Gary Schmitt is a senior fellow in the Social, Cultural and Constitutional Studies Program at the American Enterprise Institute.
The headline finding of the January 6th committee’s report is the criminal referral of former President Donald Trump to the Justice Department for his role in instigating the riot on Capitol Hill. Understandable as that might be, we shouldn’t forget that the central, constitutional issue at stake that day—and the reason the mob was directed to the Capitol—was whether Vice President Mike Pence would assert an authority that Trump’s lawyers were saying he had to reject Electoral College votes or send the results back to the states to settle supposedly disputed election results. Facing the very real possibility of physical harm—with the rioters shouting “Hang Mike Pence”—the Vice President rejected the idea that he had such power and, in the early hours of January 7th, the Electoral College count was completed with Joe Biden winning the presidency.
To head off a repeat of the uncertainty and chaos that occurred that day, buried in the thousands of pages of the now-passed omnibus spending bill, Congress has incorporated needed revisions to the 1887 Electoral Count Act. For example, no longer can a single senator and single representative challenge an electoral vote, halting the count until both chambers have considered and voted on the challenge. Under the revised law, a challenge must have the support of one-fifth of the members of both houses to force consideration. Certainly, a counting process less open to divisiveness and obstruction and, in turn, more decisive in finalizing the Electoral College’s count is a positive good for the nation’s civic health.
But given the actual constitutional issue at play on January 6, the most notable revision of the Electoral Count Act in the spending bill is the blunt statement that, when it comes to the Electoral College counting process, the Vice President’s role, as President of the Senate, is “solely ministerial”: “The President of the Senate shall have no power to solely determine, accept, reject, or otherwise adjudicate or resolve disputes over the proper certificate of ascertainment of appointment of electors, the validity of 15 electors, or the votes of electors.”
Even today, that Congress has the power to define the Vice President’s role and so arrange the counting process has not gone uncontested. And most prominent counter argument still asserts that the Vice President has the unilateral authority under the Constitution to settle contested Electoral College votes. Accordingly, proponents of this view see both the Electoral Count Act of 1887 and the new revisions as unconstitutional.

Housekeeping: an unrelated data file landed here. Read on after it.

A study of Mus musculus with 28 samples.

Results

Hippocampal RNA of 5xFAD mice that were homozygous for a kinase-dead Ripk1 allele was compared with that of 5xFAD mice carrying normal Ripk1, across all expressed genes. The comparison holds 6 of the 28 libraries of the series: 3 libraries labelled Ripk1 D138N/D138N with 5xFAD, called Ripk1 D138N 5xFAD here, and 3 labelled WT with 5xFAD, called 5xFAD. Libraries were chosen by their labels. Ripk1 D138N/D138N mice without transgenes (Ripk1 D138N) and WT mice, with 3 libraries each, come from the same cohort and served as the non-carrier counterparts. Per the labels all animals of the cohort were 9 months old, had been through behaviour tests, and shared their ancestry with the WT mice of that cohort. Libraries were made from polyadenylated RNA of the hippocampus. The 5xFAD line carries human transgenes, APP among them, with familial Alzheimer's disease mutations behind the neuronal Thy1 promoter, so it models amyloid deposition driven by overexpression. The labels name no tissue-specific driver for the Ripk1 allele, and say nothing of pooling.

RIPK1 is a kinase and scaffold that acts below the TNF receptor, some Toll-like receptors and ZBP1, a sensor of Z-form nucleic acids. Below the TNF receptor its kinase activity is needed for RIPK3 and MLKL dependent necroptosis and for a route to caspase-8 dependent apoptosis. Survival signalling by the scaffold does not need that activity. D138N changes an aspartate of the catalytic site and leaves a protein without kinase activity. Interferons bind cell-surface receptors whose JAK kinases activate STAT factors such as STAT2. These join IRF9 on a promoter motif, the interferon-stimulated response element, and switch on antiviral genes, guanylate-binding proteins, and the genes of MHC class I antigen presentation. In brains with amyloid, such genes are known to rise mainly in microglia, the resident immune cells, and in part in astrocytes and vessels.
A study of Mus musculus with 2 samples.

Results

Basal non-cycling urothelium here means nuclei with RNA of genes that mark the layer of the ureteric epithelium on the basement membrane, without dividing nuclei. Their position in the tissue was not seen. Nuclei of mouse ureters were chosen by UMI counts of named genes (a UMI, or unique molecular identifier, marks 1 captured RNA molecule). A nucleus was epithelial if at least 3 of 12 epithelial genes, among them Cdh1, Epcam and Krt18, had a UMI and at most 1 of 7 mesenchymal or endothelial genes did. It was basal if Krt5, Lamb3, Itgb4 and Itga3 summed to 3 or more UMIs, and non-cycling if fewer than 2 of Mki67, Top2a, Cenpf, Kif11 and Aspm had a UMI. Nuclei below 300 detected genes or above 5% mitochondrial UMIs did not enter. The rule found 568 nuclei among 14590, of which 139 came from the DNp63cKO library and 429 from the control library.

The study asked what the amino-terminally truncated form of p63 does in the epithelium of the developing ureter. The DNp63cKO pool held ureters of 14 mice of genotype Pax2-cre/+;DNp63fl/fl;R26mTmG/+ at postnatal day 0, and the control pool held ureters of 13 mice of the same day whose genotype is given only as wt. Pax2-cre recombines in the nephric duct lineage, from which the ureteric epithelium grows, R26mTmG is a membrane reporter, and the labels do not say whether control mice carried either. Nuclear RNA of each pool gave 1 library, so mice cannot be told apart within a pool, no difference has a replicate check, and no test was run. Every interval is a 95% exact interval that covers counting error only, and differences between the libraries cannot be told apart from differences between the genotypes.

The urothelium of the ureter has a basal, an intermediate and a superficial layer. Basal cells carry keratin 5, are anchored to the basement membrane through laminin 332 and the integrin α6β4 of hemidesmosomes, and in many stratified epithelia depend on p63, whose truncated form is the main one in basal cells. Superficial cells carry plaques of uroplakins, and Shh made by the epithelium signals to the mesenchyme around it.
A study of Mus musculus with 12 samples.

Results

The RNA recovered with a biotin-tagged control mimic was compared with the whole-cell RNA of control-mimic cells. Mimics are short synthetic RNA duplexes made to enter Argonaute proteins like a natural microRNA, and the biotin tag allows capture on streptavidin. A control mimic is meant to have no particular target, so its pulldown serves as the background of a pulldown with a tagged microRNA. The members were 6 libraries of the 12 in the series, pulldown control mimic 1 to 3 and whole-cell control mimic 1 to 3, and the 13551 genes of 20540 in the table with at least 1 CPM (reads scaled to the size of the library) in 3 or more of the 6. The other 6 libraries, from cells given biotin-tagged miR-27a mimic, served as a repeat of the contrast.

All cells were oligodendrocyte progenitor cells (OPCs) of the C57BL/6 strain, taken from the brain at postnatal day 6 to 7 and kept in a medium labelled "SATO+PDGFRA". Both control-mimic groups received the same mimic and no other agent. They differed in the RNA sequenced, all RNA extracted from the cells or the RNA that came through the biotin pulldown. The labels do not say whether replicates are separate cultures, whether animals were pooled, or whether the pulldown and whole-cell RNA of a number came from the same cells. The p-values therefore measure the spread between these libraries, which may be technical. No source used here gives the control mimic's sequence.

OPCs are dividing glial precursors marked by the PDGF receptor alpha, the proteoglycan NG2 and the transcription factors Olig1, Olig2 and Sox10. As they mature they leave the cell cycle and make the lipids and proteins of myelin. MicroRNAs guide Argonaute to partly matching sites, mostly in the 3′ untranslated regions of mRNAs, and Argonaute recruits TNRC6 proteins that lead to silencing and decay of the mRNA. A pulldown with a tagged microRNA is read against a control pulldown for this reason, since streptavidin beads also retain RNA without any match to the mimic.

However, as Joseph M. Bessette and I have written elsewhere, the text, structure, and underlying principles of the Constitution, the original rationale for the Vice Presidency, and the actual records of the early counting process provide significant and substantial evidence for Congress’ authority.
And while the 1887 act may have been the first successful effort by Congress to stipulate the resolution of electoral vote disputes, it was not the first attempt to do so.
In January 1800, that question came foursquare before Congress. Pennsylvania’s government was divided between a Republican governor and assembly and a Federalist-controlled upper house. The resulting stalemate meant that Pennsylvania had no law on the books for choosing its presidential electors later in the year. In a period of deep partisanship, not unlike today, Federalists in the U.S. Senate were concerned that the Republican governor would, by some irregular means, contrive to have all the states electors be firm supporters of Jefferson’s candidacy.
The Senate acted first, passing a draft bill that would have created a “grand committee” of thirteen members (six from the House and six from the Senate, with the Chief Justice presiding) with plenary power to challenge, investigate, and determine the legitimacy of votes. The House proposed a similar committee, but its draft bill left the ultimate resolution of disputes to a majority vote in both houses. In the end, the two chambers could not agree over whether it would take only one house or both houses to negate an electoral vote, and the measure died in May.
Nevertheless, this episode shows that both majorities in the House and Senate believed that, under the Necessary and Proper clause (Art 1, sec 8) of the Constitution, Congress had the authority to resolve Electoral College disputes. Included in the House majority was Rep. John Marshall—soon to be Chief Justice John Marshall—who, it appears, took a lead in developing the House version of the bill.
There were, of course, members who objected to that reading of the Constitution, arguing that either the matter had to be left to the states or required, in the absence of a clear provision for handling in the Constitution, a constitutional amendment to regulate.
For current purposes, what is most notable is that not a single critic of the proposed legislation argued that resolving such disputes was the Vice President’s prerogative. If even remotely plausible constitutionally, it surely would have been tempting for one of Jefferson’s supporters to say as much. All knew that Jefferson, the sitting Vice President, would be Republicans’ candidate for President in 1800. Given how close the vote was expected to be—and was—the silence here is especially telling.